1. Martina Kiefmann1,
  2. Sascha Tank1,
  3. Marc-Oliver Tritt1,
  4. Paula Keller1,
  5. Kai Heckel1,
  6. Leonie Schulte-Uentrop1,
  7. Cynthia Olotu1,
  8. Sonja Schrepfer2,3,
  9. Alwin E Goetz1,
  10. Rainer Kiefmann1
  1. 1 Department of Anesthesiology, University Hospital Hamburg-Eppendorf, Hamburg, Germany
  2. 2 Division of Adult Cardiothoracic Surgery, University of California San Francisco, San Francisco, California, USA
  3. 3 Department of Cardiac Surgery, University Hospital Hamburg-Eppendorf, Hamburg, Germany
  1. Correspondence to Professor Rainer Kiefmann, Department of Anesthesiology, University Hospital Hamburg-Eppendorf, Hamburg 20251, Germany; r.kiefmann{at}


Background In acute respiratory distress syndrome (ARDS), pulmonary perfusion failure increases physiologic dead space ventilation (VD/VT), leading to a decline of the alveolar CO2 concentration [CO2]iA. Although it has been shown that alveolar hypocapnia contributes to formation of atelectasis and surfactant depletion, a typical complication in ARDS, the underlying mechanism has not been elucidated so far.

Methods In isolated perfused rat lungs, cytosolic or mitochondrial Ca2+ concentrations ([Ca2+]cyt or [Ca2+]mito, respectively) of alveolar epithelial cells (AECs), surfactant secretion and the projected area of alveoli were quantified by real-time fluorescence or bright-field imaging (n=3–7 per group). In ventilated White New Zealand rabbits, the left pulmonary artery was ligated and the size of subpleural alveoli was measured by intravital microscopy (n=4 per group). Surfactant secretion was determined in the bronchoalveolar lavage (BAL) by western blot.

Results Low [CO2]iA decreased [Ca2+]cyt and increased [Ca2+]mito in AECs, leading to reduction of Ca2+-dependent surfactant secretion, and alveolar ventilation in situ. Mitochondrial inhibition by ruthenium red or rotenone blocked these responses indicating that mitochondria are key players in CO2 sensing. Furthermore, ligature of the pulmonary artery of rabbits decreased alveolar ventilation, surfactant secretion and lung compliance in vivo. Addition of 5% CO2 to the inspiratory gas inhibited these responses.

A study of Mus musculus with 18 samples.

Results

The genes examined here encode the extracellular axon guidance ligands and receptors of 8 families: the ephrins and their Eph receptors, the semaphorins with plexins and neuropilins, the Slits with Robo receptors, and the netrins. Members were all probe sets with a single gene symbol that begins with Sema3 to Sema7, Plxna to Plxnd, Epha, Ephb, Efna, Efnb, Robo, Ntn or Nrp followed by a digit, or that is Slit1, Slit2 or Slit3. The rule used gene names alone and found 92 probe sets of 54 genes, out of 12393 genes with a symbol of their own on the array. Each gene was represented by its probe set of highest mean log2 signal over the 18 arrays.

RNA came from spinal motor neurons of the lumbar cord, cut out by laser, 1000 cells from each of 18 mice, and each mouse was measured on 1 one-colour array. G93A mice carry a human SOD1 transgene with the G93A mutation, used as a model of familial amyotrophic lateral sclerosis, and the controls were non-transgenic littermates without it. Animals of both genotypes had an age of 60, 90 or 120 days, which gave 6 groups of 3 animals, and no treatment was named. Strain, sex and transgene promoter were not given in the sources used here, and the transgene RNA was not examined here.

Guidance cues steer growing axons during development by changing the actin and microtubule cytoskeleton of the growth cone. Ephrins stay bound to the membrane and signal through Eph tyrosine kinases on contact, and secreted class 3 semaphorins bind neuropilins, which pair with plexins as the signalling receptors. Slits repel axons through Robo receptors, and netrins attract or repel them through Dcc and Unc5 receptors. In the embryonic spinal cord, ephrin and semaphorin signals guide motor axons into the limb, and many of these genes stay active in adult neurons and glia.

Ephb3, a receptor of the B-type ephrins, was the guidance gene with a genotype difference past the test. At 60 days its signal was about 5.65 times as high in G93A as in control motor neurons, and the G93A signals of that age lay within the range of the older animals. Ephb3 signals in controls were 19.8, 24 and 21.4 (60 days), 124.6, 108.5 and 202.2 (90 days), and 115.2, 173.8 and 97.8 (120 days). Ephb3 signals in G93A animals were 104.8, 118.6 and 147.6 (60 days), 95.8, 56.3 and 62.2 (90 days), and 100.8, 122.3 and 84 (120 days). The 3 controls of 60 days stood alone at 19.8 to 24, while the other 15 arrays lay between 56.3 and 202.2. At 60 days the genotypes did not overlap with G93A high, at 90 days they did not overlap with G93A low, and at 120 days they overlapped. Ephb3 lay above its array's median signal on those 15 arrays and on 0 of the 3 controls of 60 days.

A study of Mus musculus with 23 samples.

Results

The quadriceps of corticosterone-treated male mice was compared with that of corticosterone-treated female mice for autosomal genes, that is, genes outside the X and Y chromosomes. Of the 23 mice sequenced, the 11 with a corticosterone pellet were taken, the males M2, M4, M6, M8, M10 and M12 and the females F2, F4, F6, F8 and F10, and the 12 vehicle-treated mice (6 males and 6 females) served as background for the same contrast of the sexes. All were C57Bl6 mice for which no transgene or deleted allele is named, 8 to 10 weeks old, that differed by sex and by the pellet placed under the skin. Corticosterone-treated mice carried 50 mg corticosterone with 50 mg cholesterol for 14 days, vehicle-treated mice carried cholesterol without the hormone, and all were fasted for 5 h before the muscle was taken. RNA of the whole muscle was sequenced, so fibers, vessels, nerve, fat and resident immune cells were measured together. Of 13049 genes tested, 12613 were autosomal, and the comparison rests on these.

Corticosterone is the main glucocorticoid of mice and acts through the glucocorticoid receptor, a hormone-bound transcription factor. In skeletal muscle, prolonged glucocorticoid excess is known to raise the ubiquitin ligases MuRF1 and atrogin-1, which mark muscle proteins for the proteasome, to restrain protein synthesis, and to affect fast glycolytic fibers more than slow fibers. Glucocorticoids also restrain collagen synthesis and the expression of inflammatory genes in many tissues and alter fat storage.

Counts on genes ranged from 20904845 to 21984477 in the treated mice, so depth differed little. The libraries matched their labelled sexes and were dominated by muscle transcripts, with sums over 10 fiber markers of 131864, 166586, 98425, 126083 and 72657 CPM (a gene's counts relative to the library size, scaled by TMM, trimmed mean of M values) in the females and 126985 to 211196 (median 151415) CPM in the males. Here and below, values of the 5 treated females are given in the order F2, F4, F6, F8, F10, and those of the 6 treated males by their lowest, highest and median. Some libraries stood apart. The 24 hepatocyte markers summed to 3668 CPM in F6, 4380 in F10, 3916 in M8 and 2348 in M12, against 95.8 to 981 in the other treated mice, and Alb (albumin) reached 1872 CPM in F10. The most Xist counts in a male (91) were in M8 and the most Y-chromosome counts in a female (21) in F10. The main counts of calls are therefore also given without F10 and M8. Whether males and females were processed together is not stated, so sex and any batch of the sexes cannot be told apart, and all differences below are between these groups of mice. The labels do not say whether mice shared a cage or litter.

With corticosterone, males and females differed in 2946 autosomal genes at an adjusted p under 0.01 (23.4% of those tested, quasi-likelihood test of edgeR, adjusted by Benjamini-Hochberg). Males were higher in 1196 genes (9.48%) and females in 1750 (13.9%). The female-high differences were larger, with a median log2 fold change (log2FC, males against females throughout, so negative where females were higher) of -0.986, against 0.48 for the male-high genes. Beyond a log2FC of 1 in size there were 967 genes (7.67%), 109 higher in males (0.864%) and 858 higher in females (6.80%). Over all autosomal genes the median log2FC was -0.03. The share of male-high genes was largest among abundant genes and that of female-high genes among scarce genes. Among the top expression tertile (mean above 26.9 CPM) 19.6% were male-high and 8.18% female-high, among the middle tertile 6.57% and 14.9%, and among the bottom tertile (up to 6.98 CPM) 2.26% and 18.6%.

Conclusions Accordingly, we provide evidence that alveolar hypocapnia leads to a Ca2+ shift from the cytosol into mitochondria. The subsequent decline of [Ca2+]cyt reduces surfactant secretion and thus regional ventilation in lung regions with high VD/VT. Additionally, the regional hypoventilation provoked by perfusion failure can be inhibited by inspiratory CO2 application.

  • ARDS
  • lung physiology
  • surfactant protein


  • Contributors KH, AEG and RK conceived the study. ST, LS-U and RK designed the study. ST, MK, M-OT, PK, KH, and LS-U acquired the data. ST, MK, CO and RK analysed the data. ST, MK, CO and RK interpreted the data. ST, MK, SS and RK drafted the manuscript. All authors critically revised the manuscript for content and approved the manuscript for publication.

  • Funding This work was supported by the Else Kröner-Fresenius-Stiftung and the Johanna und Fritz Buch Gedächtnis-Stiftung to RK.

  • Competing interests None declared.

  • Patient consent Not required.

  • Ethics approval German legislation on protection of laboratory animals.

  • Provenance and peer review Not commissioned; externally peer reviewed.